A project to link Las Vegas and Southern California with a high-speed train got a boost this week when the newly formed Nevada High-Speed Rail Authority approved an exclusive relationship with long-suffering XpressWest.
The panel’s move Wednesday to select the company as a franchisee — and sideline other futuristic yet far-fetched transportation concepts floated to the group — adds a layer of government legitimacy to the endeavor that could help it attract investors and get closer to breaking ground. But with no state dollars attached, the decision doesn’t directly address the project’s most glaring missing link — billions of dollars.
“Obviously the biggest obstacle is still funding and this decision doesn’t affect the funding,” said Steve Hill, director of the Governor’s Office of Economic Development.
Las Vegas-based XpressWest has been working since at least 2005 to secure the complicated government clearances it needs to build a 185-mile rail line between Sin City and Victorville, a city east of Los Angeles in California’s high desert. The planned, zero-emissions train would at least halve the travel time between the two cities, down to 80 minutes, and would cost less than $100 round-trip.
Eventually, the line would extend 50 miles west to Palmdale, where it would connect with metro lines and the future California High-Speed Rail line stretching north to the Central Valley. Proponents say it could divert 25 percent of car traffic off Interstate 15 and onto the rails, potentially saving 8.5 million gallons of gas each year.
Efforts to finance the $8 billion endeavor suffered a major setback in 2013, when the government stopped considering a $5.5 billion loan to XpressWest. Part of the holdup was that the planned railroad didn’t use enough American-made products — a difficult task because, generally, all bullet trains are made overseas.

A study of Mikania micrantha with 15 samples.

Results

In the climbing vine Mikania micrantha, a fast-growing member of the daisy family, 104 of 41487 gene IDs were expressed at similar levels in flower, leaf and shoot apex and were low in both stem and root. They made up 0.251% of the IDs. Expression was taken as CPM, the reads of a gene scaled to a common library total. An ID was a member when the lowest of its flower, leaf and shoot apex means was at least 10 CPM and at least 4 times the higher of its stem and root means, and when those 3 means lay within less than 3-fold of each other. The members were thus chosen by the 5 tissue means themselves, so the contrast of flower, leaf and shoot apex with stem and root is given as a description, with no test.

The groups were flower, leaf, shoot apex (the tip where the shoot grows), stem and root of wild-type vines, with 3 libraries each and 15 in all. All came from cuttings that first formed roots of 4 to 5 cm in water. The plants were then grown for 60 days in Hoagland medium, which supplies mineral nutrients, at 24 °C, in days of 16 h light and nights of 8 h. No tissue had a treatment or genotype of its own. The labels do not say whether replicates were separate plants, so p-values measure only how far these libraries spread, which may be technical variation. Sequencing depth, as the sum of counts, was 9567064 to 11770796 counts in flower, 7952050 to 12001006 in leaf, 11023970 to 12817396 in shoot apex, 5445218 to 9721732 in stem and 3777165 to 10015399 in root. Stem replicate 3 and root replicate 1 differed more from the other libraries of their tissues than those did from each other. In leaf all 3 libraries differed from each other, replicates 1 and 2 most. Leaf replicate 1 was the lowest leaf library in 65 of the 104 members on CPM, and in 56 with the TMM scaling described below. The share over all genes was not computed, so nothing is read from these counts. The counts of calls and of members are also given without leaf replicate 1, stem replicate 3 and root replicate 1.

Republicans in Congress also raised concerns that the train wouldn’t make enough money to repay the loan.
Now, the stalled project could get new life through a partnership with a Chinese firm that was announced in September. While the company has said it has $100 million in initial capital, it’s not clear how much money in total the partnership would bring, and officials at the railroad declined an interview request.
Getting the rail authority’s blessing Wednesday can’t hurt, especially among investors in China, where governmental approval carries even more weight.
“It sends a strong message to them that it’s a serious project,” said transportation strategy expert Tom Skancke.
Critics have been skeptical that Southern Californians would drive their cars to a station well outside Los Angeles, then take a train that leaves them car-less and cab-dependent in Las Vegas. But proponents believe it will open up a flow of tourism that’s currently limited by bottlenecks on Interstate 15. They say people should take a long view on the project.
“It took 50 years to build the interstate highway system. It was built in segments and phases and miles,” Skancke said. “It will go to L.A., but It won’t go to L.A. in phase one.”
XpressWest’s project comes against the backdrop of a pricey and increasingly unpopular high-speed rail project in California, which is partly funded by $10 billion in bonds taxpayers approved in 2008. The project is facing lawsuits and is behind schedule, and the price tag has ballooned to $68 billion, driven by the complex task of boring tunnels through earthquake fault-laden mountains in Southern California.
But in Nevada, taxpayers will have no financial skin in the game if XpressWest’s plan flops. The state’s rail authority has no money to give, although it could help facilitate bonds if another government entity spearheads an effort.
XpressWest told lawmakers this spring that it wants to be a privately funded venture, meaning it won’t have to convince the legislature or Congress. However, it will need to sell the dream of zipping through the desert at 150 mph to a wide-enough base of investors.
“I am optimistic. I do believe it’s going to happen,” said Tina Quigley, chief of the Regional Transportation Commission of Southern Nevada and a rail authority board member. “I can’t stand to think that I-15 has no potential growth ... I have to believe it for the health of southern Nevada.”